We operate all 12 months of the year, including our harsh northern Ontario winter months. We have provided customers with exceptional service by constructing high-quality water wells throughout the Greater Sudbury area, including Lively, Chelmsford, Val Caron, Hanmer, Garson, Espanola and beyond. Our complete service area includes most of Ontario.
We skillfully drill wells for newly built residential homes, replacement wells for existing homes, wells for commercial companies and wells for new housing developments. We also install residential and commercial geothermal wells, irrigation wells and monitoring wells.
We're proud to be using state-of-the-art drilling equipment that enables us to drill a well just about anywhere, regardless of your geographical location. Our drills are on tracks, which allow us to access areas truck-mounted drills won't go. We can even drill water wells on islands. Call us today, and we'll be happy to answer any questions you might have.
It is important to know that not all wells are created equal. At Rhude Well Drilling, we pride ourselves on providing our customers with high-quality water wells constructed with superior materials and built to last for generations. We will help you determine what type of well best fits your needs. We'll also help determine the precise location to drill, the size and installation of your water pump, and, if necessary, help you select the best water treatment system for your home or building. Our mission is to handle all your water needs from the ground up and guide you through each step of the process.
Step 1: Data Collection. This phase dramatically affects every step to follow. We first gather as much information as possible regarding your geographical location and your specific building needs. We'll then thoroughly discuss our findings with you. We believe that excellent communication and complete transparency will lead to the most successful outcome for everyone.
Step 2: Planning where to drill. All underground lines will be identified during this phase. For us to complete this phase, you might have to contact previous landowners to discuss underground wires, septic fields, and other possible obstructions. Please visit the Ontario One Call website for more information.
Step 3: Drilling. This phase includes the vital step of ensuring the location marked for drilling is free of contamination, flooding, sewer lines, and power lines. By this point, we already have a good understanding of your aquifers and the depths we'll need to reach for a good water source.
Step 4: Well Production. We use several methods to develop a well. The final step in the well production phase is thoroughly cleaning all foreign substances from your new well. We then install your pump and complete this phase by taking water samples and arrange for your samples to be tested.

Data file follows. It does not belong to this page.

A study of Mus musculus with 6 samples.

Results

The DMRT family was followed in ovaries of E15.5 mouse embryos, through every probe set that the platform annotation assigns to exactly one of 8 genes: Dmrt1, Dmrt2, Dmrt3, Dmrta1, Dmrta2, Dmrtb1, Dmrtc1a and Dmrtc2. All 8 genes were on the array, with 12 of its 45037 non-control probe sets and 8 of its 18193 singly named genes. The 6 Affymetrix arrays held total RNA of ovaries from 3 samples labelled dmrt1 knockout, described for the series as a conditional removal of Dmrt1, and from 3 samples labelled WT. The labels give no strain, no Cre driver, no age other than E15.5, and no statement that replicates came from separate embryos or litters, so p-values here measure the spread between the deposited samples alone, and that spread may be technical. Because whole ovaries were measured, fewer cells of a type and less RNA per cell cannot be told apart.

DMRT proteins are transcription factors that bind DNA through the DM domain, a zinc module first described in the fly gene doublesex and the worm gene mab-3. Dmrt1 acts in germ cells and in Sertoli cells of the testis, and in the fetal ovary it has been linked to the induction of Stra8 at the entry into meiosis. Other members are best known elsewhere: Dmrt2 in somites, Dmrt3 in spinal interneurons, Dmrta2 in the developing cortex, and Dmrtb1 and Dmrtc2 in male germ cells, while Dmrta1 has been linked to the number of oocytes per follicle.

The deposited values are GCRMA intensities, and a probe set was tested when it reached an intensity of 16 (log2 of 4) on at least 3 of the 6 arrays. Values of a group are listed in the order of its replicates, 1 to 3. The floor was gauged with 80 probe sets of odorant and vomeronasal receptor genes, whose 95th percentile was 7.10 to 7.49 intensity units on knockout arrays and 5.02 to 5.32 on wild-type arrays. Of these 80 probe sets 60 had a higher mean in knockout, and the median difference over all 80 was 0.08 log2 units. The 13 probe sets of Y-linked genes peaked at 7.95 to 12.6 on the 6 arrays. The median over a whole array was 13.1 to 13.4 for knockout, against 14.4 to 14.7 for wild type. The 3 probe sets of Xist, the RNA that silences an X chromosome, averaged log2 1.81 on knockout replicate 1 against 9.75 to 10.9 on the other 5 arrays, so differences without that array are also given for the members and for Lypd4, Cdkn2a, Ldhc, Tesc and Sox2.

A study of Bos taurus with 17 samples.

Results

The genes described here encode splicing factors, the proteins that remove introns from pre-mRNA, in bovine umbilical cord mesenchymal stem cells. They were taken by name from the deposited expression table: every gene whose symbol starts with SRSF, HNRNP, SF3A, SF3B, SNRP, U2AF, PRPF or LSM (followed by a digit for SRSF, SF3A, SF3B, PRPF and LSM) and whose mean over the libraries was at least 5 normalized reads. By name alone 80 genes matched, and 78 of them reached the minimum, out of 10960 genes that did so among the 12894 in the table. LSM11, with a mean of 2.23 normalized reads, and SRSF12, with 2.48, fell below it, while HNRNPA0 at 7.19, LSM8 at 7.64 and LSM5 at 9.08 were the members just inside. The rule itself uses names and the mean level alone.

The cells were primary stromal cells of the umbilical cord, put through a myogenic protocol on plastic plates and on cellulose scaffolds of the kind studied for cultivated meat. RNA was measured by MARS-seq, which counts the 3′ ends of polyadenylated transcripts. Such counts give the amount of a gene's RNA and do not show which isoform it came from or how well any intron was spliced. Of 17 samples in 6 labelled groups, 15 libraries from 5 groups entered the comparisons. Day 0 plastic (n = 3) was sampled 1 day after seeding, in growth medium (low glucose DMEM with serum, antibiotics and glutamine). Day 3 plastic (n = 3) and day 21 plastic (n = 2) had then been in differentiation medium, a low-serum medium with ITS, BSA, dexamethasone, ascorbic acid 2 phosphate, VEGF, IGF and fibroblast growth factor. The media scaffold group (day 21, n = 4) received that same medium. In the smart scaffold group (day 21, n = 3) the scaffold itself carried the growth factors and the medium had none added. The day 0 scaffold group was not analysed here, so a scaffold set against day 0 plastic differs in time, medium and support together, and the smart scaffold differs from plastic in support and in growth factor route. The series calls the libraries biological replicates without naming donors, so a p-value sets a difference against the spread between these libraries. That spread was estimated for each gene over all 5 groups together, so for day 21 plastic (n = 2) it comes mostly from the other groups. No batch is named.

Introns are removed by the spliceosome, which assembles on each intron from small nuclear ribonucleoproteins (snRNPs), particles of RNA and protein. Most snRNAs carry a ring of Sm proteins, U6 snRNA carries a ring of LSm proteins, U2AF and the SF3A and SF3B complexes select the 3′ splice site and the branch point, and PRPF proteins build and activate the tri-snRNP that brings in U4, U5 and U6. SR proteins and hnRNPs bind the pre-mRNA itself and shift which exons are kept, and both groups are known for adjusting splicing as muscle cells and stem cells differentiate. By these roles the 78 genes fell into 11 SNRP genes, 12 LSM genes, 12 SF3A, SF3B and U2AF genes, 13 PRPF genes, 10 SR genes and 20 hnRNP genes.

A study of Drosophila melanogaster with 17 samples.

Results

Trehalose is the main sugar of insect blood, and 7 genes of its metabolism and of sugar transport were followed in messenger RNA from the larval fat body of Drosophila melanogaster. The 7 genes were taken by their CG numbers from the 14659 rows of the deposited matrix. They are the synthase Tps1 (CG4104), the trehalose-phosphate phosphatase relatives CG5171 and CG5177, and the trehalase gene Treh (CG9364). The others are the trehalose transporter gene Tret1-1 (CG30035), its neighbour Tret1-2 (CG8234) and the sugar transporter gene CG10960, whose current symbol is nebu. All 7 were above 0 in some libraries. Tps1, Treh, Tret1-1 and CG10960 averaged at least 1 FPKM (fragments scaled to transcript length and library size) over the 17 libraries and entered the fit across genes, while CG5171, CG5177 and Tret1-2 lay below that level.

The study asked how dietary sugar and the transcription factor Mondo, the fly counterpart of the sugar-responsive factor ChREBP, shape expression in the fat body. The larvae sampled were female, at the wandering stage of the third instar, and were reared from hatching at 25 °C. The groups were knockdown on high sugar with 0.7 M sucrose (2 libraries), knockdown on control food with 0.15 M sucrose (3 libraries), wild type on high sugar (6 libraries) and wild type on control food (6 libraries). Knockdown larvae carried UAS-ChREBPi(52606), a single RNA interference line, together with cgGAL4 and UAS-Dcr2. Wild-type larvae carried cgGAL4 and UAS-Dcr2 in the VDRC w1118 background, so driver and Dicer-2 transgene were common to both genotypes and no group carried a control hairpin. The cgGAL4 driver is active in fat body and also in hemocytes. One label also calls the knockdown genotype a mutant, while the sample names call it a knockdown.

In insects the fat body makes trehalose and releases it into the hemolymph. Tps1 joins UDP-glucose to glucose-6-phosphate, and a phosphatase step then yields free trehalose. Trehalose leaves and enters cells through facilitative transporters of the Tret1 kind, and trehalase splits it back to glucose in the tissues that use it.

Step 5: Water Treatment. After an outside agency has tested your water samples, a specific water system may be recommended by the agency. We'll install your water system and help you to understand how it works and know what maintenance it requires.
Step 6: Paperwork. Once we have completed your well's construction, we will provide you with a copy of your water well record in the format prescribed by the Ministry of the Environment. Contents include construction details, water yield test results, static water level, and a geological log that describes the soil and bedrock conditions and geographic location.
Although water moves through an aquifer, it is not an underground river. Typically, aquifers are made up of sediments with relatively large and connected pore spaces that permit water movement. The larger the pore, the more movement. The smaller the pore, the slower the movement. Aquifers are most commonly composed of sands and gravels, but they may be formed from large blanket bodies of ultra-fine silt or by cracked or fractured coal or shale in some areas.
Aquifers can be found between confining layers (aquitards), which are soil and rock formations like clays and silts that permit slower groundwater movement. Although these materials can be saturated with groundwater, they cannot yield enough water for a well. This type of material may allow for a small amount of water, then once pumped away, it may recharge very slowly or not at all. Flow within aquitards is limited within small areas, but regionally they may transmit significant volumes of water. Aquitards can, therefore, significantly affect the flow and quality of water.
What type of drilling does Rhude Well Drilling do?
We use modern air rotary drilling equipment and the latest water well drilling techniques to give you the best quality water. Our drills are capable of traversing rough terrain, which allows for more flexibility when choosing the location of your well. We use a sharp, rotating drill bit to dig down through the Earth's crust. Much like a typical hand-held drill, the drill bit's spinning allows for penetration of even the hardest rock.
How much does it cost to get a well drilled?
Cost factors include the depth needed to drill, the equipment required to do the work, and all the products and materials necessary to construct your well. Contact us to receive a free estimate.
Can a well be drilled inside a house?
The short answer is no. As set out in the MOE's Regulation 903, there are many factors to consider before choosing where to construct a well. The purpose of these regulations is to protect your water from contamination. Drilling a well inside a house would increase the chance of contamination dramatically. As a Ministry of Environment licensed well contractor, we can help you carefully determine the best location for a new well.